South African-owned short term and life insurer, Hollard Insurance Group, was established in 1980, and has since expanded its operations to other markets – including China, Australia, Zambia, Botswana, Namibia, Mozambique and Ghana.
The company has an annual turnover of more than R15bn (about $1bn), which it has grown with its model of selling insurance through third-party traders, such as retailers and banks. Its partners include some of South Africa’s biggest retailers – with Pep Stores, Edcon, Ackermans, Game, Spar and Truworths all on the list.
One of the major benefits of partnering with retailers is the use of their infrastructure, such as bricks and mortar branches. Furthermore, those retailers that offer credit have existing account bases from which premiums can be deducted. And potential clients can also easily be accessed through retailer magazines or email newsletters.
According to Frans Prinsloo, MD of Hollard International, who oversees the Africa and Asia side of the business, the insurer is following many of its retail partners as they expand into other African markets.
“A good example would certainly be the Edcon group [which owns Edgars]. It has operations in Botswana, Namibia, Zambia, and they have recently set up in Ghana as well. So in those markets, Hollard also underwrites products depending on what the requirements are for each store,” he told How we made it in Africa.
“For example from an Edgars environment, they offer credit sales in Botswana and Namibia, but not in Zambia. So then your offerings, and your way of collecting premiums and interacting with the client, is very different in those markets.”
Targeting emerging consumers
In addition to offering a cost-effective means to reach consumers and collect premiums, trusted third-party brands have a greater chance of selling insurance to first-time buyers, he noted. For example, a consumer who interacts with a mobile network every day might be more willing to pay for insurance via the network, than an unfamiliar broker.
“If you look at Africa and emerging consumers especially, often your insurance brands are not as strong as some of your retail, mobile or banking brands – so it helps to look for a trusted brand which customers interact with quite often.”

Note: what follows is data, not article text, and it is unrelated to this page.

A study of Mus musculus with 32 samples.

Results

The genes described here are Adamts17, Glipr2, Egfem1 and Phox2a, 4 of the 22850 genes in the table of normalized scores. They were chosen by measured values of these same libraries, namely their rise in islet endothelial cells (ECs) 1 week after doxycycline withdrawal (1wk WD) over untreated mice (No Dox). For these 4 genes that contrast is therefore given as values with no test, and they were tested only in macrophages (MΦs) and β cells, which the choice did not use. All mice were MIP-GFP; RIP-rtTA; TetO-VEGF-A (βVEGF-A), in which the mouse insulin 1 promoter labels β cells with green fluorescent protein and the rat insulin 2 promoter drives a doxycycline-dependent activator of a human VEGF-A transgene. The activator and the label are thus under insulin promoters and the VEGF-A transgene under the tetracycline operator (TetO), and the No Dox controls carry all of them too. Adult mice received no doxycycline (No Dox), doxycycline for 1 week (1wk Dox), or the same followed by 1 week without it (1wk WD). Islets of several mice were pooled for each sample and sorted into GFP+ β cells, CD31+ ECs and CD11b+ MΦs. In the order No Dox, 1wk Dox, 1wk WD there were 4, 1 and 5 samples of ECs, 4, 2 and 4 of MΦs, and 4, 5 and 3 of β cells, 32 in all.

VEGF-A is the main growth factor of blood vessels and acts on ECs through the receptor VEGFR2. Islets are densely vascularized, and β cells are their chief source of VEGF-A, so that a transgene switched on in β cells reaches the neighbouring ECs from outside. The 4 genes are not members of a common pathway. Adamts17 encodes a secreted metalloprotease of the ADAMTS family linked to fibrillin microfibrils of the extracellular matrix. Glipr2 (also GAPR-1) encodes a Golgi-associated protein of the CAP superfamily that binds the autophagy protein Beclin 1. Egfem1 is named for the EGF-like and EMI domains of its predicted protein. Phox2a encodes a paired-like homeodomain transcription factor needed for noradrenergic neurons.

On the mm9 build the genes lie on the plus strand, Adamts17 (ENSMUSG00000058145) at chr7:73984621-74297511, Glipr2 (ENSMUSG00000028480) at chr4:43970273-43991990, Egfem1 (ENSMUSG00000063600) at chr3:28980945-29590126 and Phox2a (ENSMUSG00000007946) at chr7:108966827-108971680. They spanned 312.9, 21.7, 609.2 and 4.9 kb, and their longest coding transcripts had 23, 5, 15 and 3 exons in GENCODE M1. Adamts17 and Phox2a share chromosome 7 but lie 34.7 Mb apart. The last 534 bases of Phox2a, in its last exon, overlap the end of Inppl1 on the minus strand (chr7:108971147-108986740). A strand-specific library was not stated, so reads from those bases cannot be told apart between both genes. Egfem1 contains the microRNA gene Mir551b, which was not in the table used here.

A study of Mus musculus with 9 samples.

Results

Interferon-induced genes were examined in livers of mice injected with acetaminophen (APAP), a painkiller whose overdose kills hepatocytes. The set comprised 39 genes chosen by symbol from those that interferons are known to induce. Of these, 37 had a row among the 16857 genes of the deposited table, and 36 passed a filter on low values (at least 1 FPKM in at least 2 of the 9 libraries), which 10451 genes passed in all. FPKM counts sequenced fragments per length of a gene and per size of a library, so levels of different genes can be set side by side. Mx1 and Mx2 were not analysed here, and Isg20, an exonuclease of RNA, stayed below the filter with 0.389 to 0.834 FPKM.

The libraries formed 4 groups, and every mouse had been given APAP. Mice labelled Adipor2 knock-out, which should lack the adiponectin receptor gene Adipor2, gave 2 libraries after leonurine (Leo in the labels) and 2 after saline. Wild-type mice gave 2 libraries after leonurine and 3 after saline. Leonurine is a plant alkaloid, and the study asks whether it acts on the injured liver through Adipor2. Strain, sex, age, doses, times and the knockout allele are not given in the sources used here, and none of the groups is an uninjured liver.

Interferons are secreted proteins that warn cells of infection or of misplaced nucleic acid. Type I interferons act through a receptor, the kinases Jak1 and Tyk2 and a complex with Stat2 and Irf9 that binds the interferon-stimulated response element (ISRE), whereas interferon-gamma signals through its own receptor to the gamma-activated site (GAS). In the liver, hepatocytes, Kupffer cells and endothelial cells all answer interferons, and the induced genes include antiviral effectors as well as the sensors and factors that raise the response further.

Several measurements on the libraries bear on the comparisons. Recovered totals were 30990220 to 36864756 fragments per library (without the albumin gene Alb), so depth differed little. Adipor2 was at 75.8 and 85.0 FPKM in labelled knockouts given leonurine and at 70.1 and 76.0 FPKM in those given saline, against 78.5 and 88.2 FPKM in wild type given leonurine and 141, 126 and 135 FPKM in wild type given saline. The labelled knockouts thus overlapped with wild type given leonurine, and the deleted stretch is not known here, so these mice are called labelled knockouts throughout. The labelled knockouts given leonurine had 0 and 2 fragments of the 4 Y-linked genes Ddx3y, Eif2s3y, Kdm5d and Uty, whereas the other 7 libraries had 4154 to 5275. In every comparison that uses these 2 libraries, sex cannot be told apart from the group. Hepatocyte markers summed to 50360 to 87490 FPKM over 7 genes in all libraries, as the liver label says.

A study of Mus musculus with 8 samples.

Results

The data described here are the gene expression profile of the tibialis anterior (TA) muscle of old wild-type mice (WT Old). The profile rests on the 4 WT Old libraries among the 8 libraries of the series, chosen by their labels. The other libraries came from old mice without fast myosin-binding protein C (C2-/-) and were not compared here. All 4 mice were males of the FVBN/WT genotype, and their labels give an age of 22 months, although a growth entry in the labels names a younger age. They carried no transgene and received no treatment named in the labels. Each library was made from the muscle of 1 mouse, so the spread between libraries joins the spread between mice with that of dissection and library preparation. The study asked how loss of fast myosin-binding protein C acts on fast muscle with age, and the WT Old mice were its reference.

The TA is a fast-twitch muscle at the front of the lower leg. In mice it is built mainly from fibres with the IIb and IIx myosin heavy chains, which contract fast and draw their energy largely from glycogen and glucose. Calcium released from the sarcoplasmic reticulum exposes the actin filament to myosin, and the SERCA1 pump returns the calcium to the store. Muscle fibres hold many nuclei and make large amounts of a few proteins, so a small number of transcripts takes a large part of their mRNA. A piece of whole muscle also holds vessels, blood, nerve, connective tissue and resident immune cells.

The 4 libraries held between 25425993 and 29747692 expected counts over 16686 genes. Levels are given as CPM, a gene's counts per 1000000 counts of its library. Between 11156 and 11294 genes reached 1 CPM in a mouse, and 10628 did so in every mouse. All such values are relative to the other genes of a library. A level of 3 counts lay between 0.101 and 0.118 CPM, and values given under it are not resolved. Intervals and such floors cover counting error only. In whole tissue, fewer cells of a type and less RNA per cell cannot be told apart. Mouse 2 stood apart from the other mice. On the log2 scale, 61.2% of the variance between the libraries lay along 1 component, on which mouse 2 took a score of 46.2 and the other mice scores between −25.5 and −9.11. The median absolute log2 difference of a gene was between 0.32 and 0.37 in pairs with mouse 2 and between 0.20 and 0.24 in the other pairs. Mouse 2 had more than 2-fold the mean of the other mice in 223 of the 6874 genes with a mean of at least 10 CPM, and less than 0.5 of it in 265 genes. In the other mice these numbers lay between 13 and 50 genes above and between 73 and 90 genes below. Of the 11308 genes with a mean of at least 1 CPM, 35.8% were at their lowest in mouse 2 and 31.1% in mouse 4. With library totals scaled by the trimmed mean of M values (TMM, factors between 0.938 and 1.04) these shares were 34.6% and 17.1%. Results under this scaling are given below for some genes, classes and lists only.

In Ghana, Hollard partnered with MTN to sell funeral insurance using MTN Mobile Money. “And that has worked pretty well in [getting] customers that didn’t have access to insurance in the past to utilise their mobile money account to purchase insurance. And then, because your method of reaching the client and collecting premiums is quite cost-effective, you can provide a superior price on a product,” he continued.
In Botswana a similar strategy has been adopted through a partnership with Botswana’s post office to access consumers in hard-to-reach areas, many of whom have never bought insurance before.
“It works through its post office branches. It has got really good distribution all across Botswana and you then utilise that post office network to provide access to insurance – either through putting an agent or brochure in the post office branch. You can also then utilise the post office infrastructure to collect premiums… and also claims back.”
Understanding different consumer cultures
“We are very bullish on the African insurance market and the opportunities that have been offered. Certainly the growth in the middle class and these economies is quite exciting. Some are growing faster than others – but there are definite trends from country to country.”
Prinsloo noted that while in South Africa life insurance is five to six times larger than the general or short-term insurance market, the reverse is true across the rest of the continent. This is in part due to the growth of the middle class which is accumulating more assets that need insurance. But he has found that cultural issues also come into play.
“So in a market like Nigeria funeral policies are not selling fantastically because of the cultural nature of the Nigerian market where a lot of people see it as a taboo to talk about death and ‘death insurance’.”
However, he noted this differs between countries. For example, Ghana is seeing a faster growth in funeral insurance than any other type.
“It depends on a lot of local factors and good market and consumer insights are vital in offering the right product in these markets,” he added.
Regulation can be limiting, but getting better
The regulatory environment can also be an inhibitor to growth of the insurance industry. For example, Prinsloo explained that while in South Africa Hollard can sell various products through banks, in Ghana it is only allowed to market personal products like funeral or vehicle coverage through banks. It does not allow for sale of business insurance.
“The bank is an ideal distribution channel to small businesses because they provide small business loans and funding. So to tag on the insurances and provide insurances in that space, it is much easier than a lot of other channels.”
Part of the problem is the low levels of insurance penetration in African countries outside of South Africa, he noted.
“There is obviously quite a lot we would like to see changed – but I think change is doable and the insurers have a very important role to play to influence regulators, and show them examples of how it can work.”